Summary: The tenth phrase of the Creed: "The forgiveness of sins"
THE FORGIVENESS OF SINS
TEXT: 1 John 1:5-10
We’re almost there. For months now we have been preparing for our journey into mission by examining the map left to us by the ancients…the Apostle’s Creed. We have gone through controversial lines, misunderstood lines, historical lines, and confusing lines. By contrast, this week we come to a simply difficult line…a line we basically understand and, I think, a line where we have at least a gut level of agreement. When it comes to the forgiveness of sins, however, we find it terribly difficult to actually do.
When we say, I believe in the forgiveness of sins, we are making a powerful statement about the nature of God. Sin is simply an offense against God…something that goes against the basic goodness of the universe. We know in our earthly dealings that to offend the boss or the company president often means painful consequences. We might be written up, denied a promotion, or fired. To say, “I believe in the forgiveness of sins” is to say that I believe the nature of God is so kind and loving that God will not hold me eternally accountable, as long as my heart is in the right place. That is pretty remarkable.
There are really two parts to the issue of forgiveness: God’s forgiveness of us and our forgiveness toward one another. This morning we are just going to deal with the first part, and we’ll get to the other one in the weeks after Easter. We’re dealing with God’s willingness to forgive us first, because that understanding is the foundation of our ability to forgive one another or ourselves.
All across the Christian church…Orthodox, Catholics, and Protestants alike…we believe that God can and does forgive sins. We differ, however, in the mechanics of how that actually works. I don’t know enough of Orthodox theology to speak to that branch, but I do know that a primary difference between Roman Catholics and Protestants is in the notion of penance. We both believe that forgiveness follows honest repentance and confession of sin. Because Jesus asked for forgiveness for those who tortured and executed him saying, “Father, forgive them, they don’t know what they’re doing,” we also leave room for forgiveness for those who are ignorant of their sin…who truly believe what they are doing is right, even if their actions are truly misguided.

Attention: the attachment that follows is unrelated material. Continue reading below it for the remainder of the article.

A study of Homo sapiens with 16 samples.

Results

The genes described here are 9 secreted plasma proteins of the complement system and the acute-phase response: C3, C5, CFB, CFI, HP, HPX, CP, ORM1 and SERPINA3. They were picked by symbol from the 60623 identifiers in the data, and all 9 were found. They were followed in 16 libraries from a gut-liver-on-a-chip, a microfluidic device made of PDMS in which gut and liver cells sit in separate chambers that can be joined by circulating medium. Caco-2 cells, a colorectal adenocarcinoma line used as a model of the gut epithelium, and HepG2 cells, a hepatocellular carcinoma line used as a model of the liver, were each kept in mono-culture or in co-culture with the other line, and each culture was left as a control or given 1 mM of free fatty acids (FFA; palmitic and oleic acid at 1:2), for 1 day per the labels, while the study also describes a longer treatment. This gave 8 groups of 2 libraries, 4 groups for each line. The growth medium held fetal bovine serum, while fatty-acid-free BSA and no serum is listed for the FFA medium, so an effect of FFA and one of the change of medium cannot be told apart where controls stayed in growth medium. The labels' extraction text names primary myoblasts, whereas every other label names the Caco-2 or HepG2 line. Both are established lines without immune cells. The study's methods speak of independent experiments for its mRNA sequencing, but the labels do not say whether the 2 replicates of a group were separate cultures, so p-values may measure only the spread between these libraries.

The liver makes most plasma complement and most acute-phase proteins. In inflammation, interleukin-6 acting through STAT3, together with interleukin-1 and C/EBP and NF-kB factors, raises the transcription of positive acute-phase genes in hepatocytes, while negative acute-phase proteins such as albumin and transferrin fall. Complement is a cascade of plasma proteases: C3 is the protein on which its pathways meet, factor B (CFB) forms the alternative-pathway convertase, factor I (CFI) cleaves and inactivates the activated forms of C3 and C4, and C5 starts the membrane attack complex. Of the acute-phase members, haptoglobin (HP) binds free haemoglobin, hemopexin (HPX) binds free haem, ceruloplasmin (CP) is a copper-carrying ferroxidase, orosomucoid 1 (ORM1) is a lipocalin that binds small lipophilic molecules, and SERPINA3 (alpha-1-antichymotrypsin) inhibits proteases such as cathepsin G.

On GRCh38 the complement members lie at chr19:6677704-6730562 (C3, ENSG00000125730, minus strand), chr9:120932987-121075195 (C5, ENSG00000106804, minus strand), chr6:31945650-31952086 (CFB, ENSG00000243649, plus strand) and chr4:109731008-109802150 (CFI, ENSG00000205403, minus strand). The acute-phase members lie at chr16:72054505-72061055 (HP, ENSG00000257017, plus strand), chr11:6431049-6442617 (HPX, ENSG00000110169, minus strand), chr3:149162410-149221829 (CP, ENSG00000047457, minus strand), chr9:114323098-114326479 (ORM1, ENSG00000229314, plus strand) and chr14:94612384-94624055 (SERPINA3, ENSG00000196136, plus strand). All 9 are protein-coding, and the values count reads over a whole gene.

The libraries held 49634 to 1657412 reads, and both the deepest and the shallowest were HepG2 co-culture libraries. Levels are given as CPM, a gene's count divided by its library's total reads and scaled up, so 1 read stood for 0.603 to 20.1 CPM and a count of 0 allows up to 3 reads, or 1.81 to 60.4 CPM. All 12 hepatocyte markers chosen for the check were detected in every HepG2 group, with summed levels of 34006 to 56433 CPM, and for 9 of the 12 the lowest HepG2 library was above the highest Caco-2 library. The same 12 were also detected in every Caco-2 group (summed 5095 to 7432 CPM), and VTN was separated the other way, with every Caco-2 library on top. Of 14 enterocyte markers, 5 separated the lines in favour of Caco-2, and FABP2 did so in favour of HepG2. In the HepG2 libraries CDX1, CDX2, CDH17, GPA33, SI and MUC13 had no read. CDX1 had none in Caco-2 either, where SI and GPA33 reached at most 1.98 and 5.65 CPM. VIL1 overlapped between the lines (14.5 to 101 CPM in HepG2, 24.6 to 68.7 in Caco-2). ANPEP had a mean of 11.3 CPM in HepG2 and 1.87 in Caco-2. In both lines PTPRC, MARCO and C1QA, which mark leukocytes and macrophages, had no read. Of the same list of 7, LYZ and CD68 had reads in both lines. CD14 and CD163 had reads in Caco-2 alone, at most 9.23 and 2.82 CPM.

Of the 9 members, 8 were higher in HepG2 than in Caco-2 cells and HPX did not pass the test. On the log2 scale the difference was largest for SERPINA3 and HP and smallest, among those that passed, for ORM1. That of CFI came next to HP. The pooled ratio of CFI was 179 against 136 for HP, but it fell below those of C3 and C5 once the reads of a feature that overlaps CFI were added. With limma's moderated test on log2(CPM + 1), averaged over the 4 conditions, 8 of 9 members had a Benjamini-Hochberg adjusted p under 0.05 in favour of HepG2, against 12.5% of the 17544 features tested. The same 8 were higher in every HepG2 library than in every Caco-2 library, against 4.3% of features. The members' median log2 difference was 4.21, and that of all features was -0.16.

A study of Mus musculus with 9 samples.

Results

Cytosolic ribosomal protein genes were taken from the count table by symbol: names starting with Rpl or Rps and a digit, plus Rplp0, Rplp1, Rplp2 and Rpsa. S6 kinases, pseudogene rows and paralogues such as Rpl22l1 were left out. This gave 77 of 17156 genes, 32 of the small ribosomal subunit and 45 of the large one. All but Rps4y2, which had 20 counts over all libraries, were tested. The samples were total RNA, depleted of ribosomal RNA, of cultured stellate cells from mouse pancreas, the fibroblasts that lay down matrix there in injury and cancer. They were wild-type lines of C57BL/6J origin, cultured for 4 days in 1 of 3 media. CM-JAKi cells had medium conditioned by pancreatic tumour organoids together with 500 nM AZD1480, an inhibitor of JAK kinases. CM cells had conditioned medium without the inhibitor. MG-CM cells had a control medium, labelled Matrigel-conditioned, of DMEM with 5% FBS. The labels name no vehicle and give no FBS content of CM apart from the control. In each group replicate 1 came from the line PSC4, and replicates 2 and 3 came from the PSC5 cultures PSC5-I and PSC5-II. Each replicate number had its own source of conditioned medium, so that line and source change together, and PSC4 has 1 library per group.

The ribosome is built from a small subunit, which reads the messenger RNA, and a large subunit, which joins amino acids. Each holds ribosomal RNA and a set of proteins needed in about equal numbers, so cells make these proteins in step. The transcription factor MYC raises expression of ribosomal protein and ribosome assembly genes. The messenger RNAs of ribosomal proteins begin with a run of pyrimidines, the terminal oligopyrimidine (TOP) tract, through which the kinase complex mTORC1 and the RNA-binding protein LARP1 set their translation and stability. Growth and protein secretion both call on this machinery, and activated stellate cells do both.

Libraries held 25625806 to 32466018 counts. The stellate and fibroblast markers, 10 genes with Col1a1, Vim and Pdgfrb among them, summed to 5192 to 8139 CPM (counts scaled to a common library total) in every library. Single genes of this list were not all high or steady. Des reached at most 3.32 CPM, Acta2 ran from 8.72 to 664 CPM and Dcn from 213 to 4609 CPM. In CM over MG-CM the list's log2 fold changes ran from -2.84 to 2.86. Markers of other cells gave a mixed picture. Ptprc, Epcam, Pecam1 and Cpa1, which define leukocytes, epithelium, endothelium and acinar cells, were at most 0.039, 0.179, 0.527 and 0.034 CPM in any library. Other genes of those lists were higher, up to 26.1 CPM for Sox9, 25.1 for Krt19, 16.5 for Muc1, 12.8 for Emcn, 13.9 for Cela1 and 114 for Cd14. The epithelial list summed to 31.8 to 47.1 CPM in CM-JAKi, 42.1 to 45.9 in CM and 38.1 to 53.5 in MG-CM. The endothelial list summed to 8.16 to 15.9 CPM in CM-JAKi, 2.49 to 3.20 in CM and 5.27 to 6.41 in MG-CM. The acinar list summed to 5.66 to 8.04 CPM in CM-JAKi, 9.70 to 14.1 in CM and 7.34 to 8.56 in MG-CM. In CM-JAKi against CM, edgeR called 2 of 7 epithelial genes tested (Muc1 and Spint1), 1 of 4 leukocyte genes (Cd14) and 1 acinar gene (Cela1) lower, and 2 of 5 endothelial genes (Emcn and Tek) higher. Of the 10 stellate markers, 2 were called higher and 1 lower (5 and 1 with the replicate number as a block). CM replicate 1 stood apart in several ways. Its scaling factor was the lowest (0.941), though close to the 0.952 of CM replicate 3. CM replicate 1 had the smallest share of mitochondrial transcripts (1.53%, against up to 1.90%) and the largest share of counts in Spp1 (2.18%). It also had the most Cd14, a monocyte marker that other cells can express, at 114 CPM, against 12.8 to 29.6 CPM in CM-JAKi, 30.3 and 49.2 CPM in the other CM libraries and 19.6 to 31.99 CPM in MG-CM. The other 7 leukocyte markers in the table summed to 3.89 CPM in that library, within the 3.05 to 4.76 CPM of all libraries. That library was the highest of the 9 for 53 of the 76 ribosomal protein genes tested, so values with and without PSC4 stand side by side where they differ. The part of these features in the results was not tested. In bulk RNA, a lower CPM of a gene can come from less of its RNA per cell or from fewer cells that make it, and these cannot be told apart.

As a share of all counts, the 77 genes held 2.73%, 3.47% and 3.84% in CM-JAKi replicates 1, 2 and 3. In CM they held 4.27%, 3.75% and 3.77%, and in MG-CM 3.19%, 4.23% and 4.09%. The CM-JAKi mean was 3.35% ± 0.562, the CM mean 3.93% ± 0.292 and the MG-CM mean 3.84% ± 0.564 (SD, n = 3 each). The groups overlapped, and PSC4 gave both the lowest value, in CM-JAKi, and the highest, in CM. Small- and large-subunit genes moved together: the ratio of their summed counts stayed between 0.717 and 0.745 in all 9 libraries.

If you want something interesting to talk about over dinner sometime, take that shoe of forgiveness and try it on Osama bin Laden sometime.
Both Protestants and Roman Catholics believe that good works follow forgiveness, but we differ significantly in why we think that is. Those of you who began life as Roman Catholics know this well. After you confess your sins and forgiveness is given, you must do penance…that is the priest will tell you what good works you must do to balance out the sin you have committed. In the Roman Catholic system of belief, you participate in your forgiveness by working off your sins, in a way.
In Protestant thought, however, it looks different. We believe that God’s forgiveness is a free gift of love…we don’t need to pay for it or activate it in some way by what we do. We believe that good works will naturally follow forgiveness for two reasons. First, as an outpouring of gratitude for the gift we have received, and secondly because if we are truly sorry for what we have done we will actively try to be better the next time around.
Now, in one sense the Roman Catholic tradition may well be more suited to human nature. At least in American culture, gratitude is in short supply. We, who have more than most of the world can even imagine, spend most of our time in prayer asking God for things and precious little time thanking God for what we have been given. When my sister-in-law got back from two months in Zambia a few weeks ago she said that the most noticeable cultural difference was that in Zambia “there was no whining.” There was 50% unemployment, most locations were only accessible by foot, and a third of the women were HIV-positive, but, she said, “there was no whining.” No complaining. They just went about their business, grateful for what they did have at any given moment.
Now in defense of the Roman Catholic system, I think there are many of us that could be well served by responding to the news of our forgiveness with saying the Lord’s Prayer 50 times. It might help us in the gratitude department. But I disagree with the notion that God requires such action in order to forgive.
Forgiveness is an act of love, and love is not love unless it is freely given from the heart. To pay for it with our works takes away the gift and makes it an earned wage. It is no wonder that in the medieval church, the notion of penance came to exactly that sort of abuse, so that people were literally encouraged to pay for forgiveness for themselves and their loved ones. Such money built St. Peter’s in Rome, and such abuses finally pushed the monk, Martin Luther, to the place of splitting with his church and beginning the Protestant Reformation.